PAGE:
Malicious actors come up with novel tricks to hack a device and potentially harm its victims. While hacking self-driving cars has been limited to the silver screen, in reality, they might have found a way to potentially cause traffic jams or even accidents using nothing but digital billboards.
Imagine your electric car that has self-driving autopilot capability suddenly stops on its own at the Times Square or anywhere with massive digital billboards. Your car will not only be slammed by some other car, you might also get severely injured.
How Did They Do It?
Apparently, fooling the autopilot mechanism of self-driving cars is not very difficult. According to Yisroel Mirsky, a researcher at the Ben Gurion University of the Negev in Israel, all a hacker needs to do is taking over a digital billboard and display a giant stop shine only for a split second. It will enable the car's autopilot to push the brakes.
"The attacker just shines an image of something on the road or injects a few frames into a digital billboard and the car will apply the brakes or possibly swerve, and that's dangerous," he told Wired, adding that the split-second display won't be noticed by the human driver but it will be caught by the car's autonomous system.
"The driver won't even notice at all. So, somebody's car will just react, and they won't understand why," said Mirsky. He will present the research paper at the ACM Computer and Communications Security conference.
How to Fool Tesla's Autopilot?
Mirsky and his team did an experiment previously on Tesla cars that have limited self-driving capabilities. During the tests, they spoofed Tesla's autopilot with stop signs flashing on digital billboards for 500 milliseconds. The Tesla Model X car that they used in testing stopped after seeing the image.
In the test, they had a similar experience with Intel's Mobileye 630 devices and Mobileye autonomous cars. They could spoof Tesla autopilot and Mobileye could be spoofed with fake road signs, speed limits and even human figures. It took only 0.42 seconds to spoof Tesla while the Mobileye took only 0.13 seconds.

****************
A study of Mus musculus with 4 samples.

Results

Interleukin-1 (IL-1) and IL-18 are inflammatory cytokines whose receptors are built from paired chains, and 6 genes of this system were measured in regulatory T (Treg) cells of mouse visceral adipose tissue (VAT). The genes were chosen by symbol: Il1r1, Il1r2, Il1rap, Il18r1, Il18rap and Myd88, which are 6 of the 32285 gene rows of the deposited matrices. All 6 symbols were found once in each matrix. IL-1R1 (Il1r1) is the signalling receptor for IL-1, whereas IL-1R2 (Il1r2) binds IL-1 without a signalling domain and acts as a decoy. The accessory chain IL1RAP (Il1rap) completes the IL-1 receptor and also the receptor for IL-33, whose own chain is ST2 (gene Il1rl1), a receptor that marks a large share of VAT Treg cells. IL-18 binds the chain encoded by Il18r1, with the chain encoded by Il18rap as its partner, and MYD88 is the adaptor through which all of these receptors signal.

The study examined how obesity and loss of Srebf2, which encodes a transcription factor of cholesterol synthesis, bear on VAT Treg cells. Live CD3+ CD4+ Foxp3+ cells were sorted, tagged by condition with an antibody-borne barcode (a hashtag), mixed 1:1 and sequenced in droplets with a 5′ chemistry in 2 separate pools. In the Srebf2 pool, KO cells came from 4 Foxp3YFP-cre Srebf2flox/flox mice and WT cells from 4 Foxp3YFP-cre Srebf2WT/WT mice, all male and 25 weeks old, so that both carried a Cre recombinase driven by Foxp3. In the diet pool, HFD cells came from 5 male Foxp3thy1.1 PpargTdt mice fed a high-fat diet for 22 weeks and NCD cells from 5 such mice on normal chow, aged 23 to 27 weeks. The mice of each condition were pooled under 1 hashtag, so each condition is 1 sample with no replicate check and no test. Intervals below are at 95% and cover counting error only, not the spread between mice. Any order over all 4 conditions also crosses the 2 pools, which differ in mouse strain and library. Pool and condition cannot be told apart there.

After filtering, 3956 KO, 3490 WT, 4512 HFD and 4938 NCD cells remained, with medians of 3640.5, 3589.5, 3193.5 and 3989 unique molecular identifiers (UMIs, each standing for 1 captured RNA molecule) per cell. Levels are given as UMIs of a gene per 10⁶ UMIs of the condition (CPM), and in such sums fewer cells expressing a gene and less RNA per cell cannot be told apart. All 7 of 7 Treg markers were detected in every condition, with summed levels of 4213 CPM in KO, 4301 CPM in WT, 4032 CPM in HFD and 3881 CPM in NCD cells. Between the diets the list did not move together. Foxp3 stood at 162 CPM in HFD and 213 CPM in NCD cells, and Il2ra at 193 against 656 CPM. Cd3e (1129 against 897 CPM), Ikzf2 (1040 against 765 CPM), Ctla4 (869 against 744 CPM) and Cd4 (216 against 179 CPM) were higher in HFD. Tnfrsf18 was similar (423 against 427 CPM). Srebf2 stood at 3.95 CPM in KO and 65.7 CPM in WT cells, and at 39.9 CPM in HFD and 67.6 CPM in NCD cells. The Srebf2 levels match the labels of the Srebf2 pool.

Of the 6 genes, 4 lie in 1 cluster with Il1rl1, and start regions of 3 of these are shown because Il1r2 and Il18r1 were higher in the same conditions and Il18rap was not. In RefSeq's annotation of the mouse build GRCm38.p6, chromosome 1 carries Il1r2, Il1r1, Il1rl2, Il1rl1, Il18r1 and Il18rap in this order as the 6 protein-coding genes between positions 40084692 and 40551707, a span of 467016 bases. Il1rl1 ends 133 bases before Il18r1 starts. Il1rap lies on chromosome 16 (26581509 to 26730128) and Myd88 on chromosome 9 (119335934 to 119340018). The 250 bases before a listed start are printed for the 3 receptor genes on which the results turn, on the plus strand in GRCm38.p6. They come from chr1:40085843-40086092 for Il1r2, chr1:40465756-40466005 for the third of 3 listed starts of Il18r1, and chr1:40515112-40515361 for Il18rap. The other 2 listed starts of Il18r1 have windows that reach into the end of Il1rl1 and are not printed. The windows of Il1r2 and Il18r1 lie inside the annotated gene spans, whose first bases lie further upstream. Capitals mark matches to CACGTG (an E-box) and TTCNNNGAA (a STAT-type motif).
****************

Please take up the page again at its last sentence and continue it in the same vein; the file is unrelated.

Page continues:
At night when projections are clearly visible, the team projected fake human figures to mimic pedestrians and both Tesla and Mobileye cars stopped. They could also trick the Mobileye system with a fake speed limit, Wired reported.
For the second round of research, Mirsky proposed a scenario where a hacker hijacking a digital billboard connected to the internet for malicious intent. If they can display a stop sign or fake speed limit, Tesla's autonomous system will be spoofed. A similar experiment was conducted on Tesla's latest Autopilot version of HW3 and it yielded similar results.
Is LiDAR Safe from Attacks?
Unlike most of his competitors like General Motors (GM), Ford Uber and Waymo, Tesla CEO Elon Musk isn't in favor of relying on LiDAR (Light Detection and Ranging) for self-driving capabilities. Instead, his company is developing a neural network for complex processing of on-road objects and signs using cameras and various sensors.
However, since LiDAR uses lasers to calculate distance, showing fake road signs won't work. "It's measuring distance and velocity information. So, these attacks wouldn't have worked on most of the truly autonomous cars out there," said Charlie Miller, lead autonomous vehicle security architect at Cruise, which is owned by GM.
LiDAR sensors, although, aren't full proof either. As LiDAR depends on emitting light to calculate distance, hackers can spoof the system shining light at it and compromise its capabilities. However, it's still difficult to spoof LiDAR than cameras as the hacker will have to shoot light signals precisely at the nano-second level, reported GCN.